The most anticipated game on Ohio State’s Big 10 schedule turns out to be Indiana.
Even with the craziness 2020 has brought, no one outside the state of Indiana would have expected the Hoosiers, a team OSU beat 51-10 last year, to provide a top-10 matchup for the Buckeyes. But that’s where we are at. The surprise team in the Big 10, Indiana is off to a 4-0 start and has emerged as the top threat to Ohio State reaching another conference championship game.
The Hoosiers are 4-0 in Big 10 play for the first time since 1987. At number nine in the Associated Press poll, the Hoosiers hold their highest ranking since they were fourth way back in November 1967.
With Ohio State’s three remaining regular-season games coming against Illinois, Michigan State and Michigan, teams holding a combined three wins, Indiana has the best chance to dethrone the Buckeyes from the top standing in the Big 10 East.
Penn State and Michigan were predicted to be the other top contenders in the East coming into the season, but the Nittany Lions (0-4) and Wolverines (1-3) surprisingly find themselves in the conference basement while Indiana sits atop the division along with the Buckeyes.
“Indiana deserves credit,” said Ohio State head coach Ryan Day on Tuesday. “(Head coach Tom Allen) deserves credit with the way they are playing right now. They are just playing really, really well in all three phases. They are making very few mistakes.
“They have a really good scheme on both sides of the ball. They do a good job coaching. They have upgraded their personnel. And in 2020, anything can happen.”
Day said he is not surprised by Indiana’s success, citing their coaching and upgraded talent. But he did acknowledge the Hoosiers have raised the bar much higher than they showed in last year’s 41-point loss to the Buckeyes in Bloomington.
“We have to win every game here,” said Day. “Every game is big. But when Indiana is playing the way they are right now, it’s certainly a little bit different in the fact that this is a major challenge for us. It’s a challenge every time we play a game, but the way they are playing and the way they have won games, our margin for error gets smaller and smaller.”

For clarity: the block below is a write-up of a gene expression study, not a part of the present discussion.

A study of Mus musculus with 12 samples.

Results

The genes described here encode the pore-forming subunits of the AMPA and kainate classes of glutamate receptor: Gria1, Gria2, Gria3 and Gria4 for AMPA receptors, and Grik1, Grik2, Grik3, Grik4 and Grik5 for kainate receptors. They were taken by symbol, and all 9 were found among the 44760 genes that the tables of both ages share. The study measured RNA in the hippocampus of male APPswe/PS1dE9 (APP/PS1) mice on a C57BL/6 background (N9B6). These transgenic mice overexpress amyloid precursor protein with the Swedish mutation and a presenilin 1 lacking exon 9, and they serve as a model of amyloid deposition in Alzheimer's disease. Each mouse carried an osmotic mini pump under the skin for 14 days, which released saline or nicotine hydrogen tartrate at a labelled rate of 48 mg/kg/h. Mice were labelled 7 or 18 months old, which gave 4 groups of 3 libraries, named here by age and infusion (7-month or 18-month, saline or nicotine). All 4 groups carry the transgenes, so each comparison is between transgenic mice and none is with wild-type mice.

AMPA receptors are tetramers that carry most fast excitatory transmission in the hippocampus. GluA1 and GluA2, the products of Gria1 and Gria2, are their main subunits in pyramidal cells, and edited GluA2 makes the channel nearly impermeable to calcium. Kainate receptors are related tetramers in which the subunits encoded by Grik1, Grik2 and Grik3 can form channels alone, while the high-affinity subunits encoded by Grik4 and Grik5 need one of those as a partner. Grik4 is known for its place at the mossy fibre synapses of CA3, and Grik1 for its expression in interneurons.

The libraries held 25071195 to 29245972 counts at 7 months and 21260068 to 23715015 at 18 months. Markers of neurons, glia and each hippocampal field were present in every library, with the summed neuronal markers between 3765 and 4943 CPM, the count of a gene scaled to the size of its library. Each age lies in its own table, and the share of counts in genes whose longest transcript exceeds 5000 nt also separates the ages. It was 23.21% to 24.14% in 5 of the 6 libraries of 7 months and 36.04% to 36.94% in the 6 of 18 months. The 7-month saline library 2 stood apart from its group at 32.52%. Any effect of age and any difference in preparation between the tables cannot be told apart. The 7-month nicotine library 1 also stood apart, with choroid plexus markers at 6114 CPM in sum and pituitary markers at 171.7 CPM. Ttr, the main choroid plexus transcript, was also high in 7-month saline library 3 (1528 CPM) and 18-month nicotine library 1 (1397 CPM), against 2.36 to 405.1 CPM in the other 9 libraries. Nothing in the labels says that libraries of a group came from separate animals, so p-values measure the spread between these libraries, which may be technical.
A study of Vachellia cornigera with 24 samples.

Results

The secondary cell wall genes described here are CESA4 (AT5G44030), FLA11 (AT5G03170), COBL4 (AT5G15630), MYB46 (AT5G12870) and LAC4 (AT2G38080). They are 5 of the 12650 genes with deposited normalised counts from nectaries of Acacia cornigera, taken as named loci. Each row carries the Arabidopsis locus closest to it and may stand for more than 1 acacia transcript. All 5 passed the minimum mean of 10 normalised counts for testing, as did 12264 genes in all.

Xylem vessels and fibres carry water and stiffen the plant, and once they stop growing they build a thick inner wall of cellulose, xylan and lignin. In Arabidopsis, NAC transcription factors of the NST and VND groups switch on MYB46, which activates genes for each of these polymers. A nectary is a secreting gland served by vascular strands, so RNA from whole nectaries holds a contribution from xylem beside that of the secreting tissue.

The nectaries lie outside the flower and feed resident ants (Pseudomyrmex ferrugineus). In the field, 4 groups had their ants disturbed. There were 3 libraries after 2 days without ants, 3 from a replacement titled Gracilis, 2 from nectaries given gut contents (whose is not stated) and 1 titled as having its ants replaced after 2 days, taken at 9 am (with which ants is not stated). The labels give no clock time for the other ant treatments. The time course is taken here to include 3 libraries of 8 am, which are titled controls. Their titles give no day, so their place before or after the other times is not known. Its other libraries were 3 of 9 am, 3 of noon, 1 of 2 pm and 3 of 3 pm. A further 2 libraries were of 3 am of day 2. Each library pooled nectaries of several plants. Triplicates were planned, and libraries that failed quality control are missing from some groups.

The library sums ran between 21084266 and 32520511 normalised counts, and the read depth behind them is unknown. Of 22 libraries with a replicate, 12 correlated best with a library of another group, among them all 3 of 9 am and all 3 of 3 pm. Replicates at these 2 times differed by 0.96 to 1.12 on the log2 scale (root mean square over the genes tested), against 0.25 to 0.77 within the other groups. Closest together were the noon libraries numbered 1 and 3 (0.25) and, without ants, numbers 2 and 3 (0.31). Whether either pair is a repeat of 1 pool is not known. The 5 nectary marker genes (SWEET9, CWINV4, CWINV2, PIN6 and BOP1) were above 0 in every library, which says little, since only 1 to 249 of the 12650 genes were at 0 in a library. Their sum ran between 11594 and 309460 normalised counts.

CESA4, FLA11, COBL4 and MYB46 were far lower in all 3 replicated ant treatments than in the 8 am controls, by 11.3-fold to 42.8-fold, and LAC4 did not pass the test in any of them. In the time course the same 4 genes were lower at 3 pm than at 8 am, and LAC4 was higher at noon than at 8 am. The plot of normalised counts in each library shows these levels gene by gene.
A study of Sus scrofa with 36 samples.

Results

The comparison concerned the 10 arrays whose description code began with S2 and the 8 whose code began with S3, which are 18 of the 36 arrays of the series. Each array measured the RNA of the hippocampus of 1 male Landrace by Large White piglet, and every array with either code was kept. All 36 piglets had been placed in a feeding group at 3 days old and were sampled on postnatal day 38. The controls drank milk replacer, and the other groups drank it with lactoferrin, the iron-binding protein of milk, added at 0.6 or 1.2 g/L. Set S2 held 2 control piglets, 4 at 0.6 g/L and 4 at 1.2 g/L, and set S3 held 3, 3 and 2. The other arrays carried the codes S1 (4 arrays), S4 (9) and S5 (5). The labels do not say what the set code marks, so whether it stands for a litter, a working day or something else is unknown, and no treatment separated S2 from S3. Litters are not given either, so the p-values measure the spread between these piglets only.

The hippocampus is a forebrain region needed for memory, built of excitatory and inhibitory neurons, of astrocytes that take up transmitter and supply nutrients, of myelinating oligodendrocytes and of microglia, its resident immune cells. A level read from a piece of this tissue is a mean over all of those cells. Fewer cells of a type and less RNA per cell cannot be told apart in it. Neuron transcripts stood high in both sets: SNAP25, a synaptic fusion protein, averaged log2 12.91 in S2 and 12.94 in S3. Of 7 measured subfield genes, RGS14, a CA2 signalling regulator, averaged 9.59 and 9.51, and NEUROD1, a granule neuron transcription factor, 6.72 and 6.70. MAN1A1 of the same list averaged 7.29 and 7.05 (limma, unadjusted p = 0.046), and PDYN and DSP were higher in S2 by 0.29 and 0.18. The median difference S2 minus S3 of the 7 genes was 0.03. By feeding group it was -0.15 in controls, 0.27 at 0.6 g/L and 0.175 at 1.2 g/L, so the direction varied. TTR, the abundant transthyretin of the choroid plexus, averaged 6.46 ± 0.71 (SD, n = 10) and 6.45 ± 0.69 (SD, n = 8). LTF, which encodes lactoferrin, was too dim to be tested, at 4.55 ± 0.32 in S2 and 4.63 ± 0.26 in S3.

The Hoosiers’ success this season stems from stellar quarterback play by sophomore Michael Penix and a defense that has thrived in forcing turnovers.
In his first year as the full-time starter, Penix has thrown for at least 320 yards in the Hoosiers’ last two games. He has developed a strong chemistry with wide receivers Ty Fryfogle (424 yards four TDs) and Whop Philyor (287 yards, one TD).
“He is really playing mistake free,” said Day of Penix. “He has made a lot of plays. He keeps them on schedule. He has made some big-time throws in tight spots. He’s fearless, and you have to give him a lot of credit. Right now he’s playing almost perfectly. That’s a big challenge for us.
“He’s a very competitive player and he has some really good weapons around him. For the most part they have done a good job of protecting him and his receivers make a lot of plays. When you add that all up, that’s why you have a team that’s 4-0 coming in here.”
Defensively, the Hoosiers have given up some big chunks of yards at times — Penn State put up 488 total yards and Michigan threw for 344 yards against them — but they have made up for it by forcing turnovers. Indiana has 10 interceptions and recovered two fumbles. Ohio State’s Justin Fields has yet to throw an interception, but he faces a big challenge in continuing that streak against an aggressive IU secondary.
“They played really, really well last week,” said Day. “They shut out Michigan State, created some turnovers and played well. They have been playing really, really well. We have to be ready to go right from the get go and we have to be willing to play for four quarters. The whole idea is to get the game into the fourth quarter and win the game in the fourth quarter.”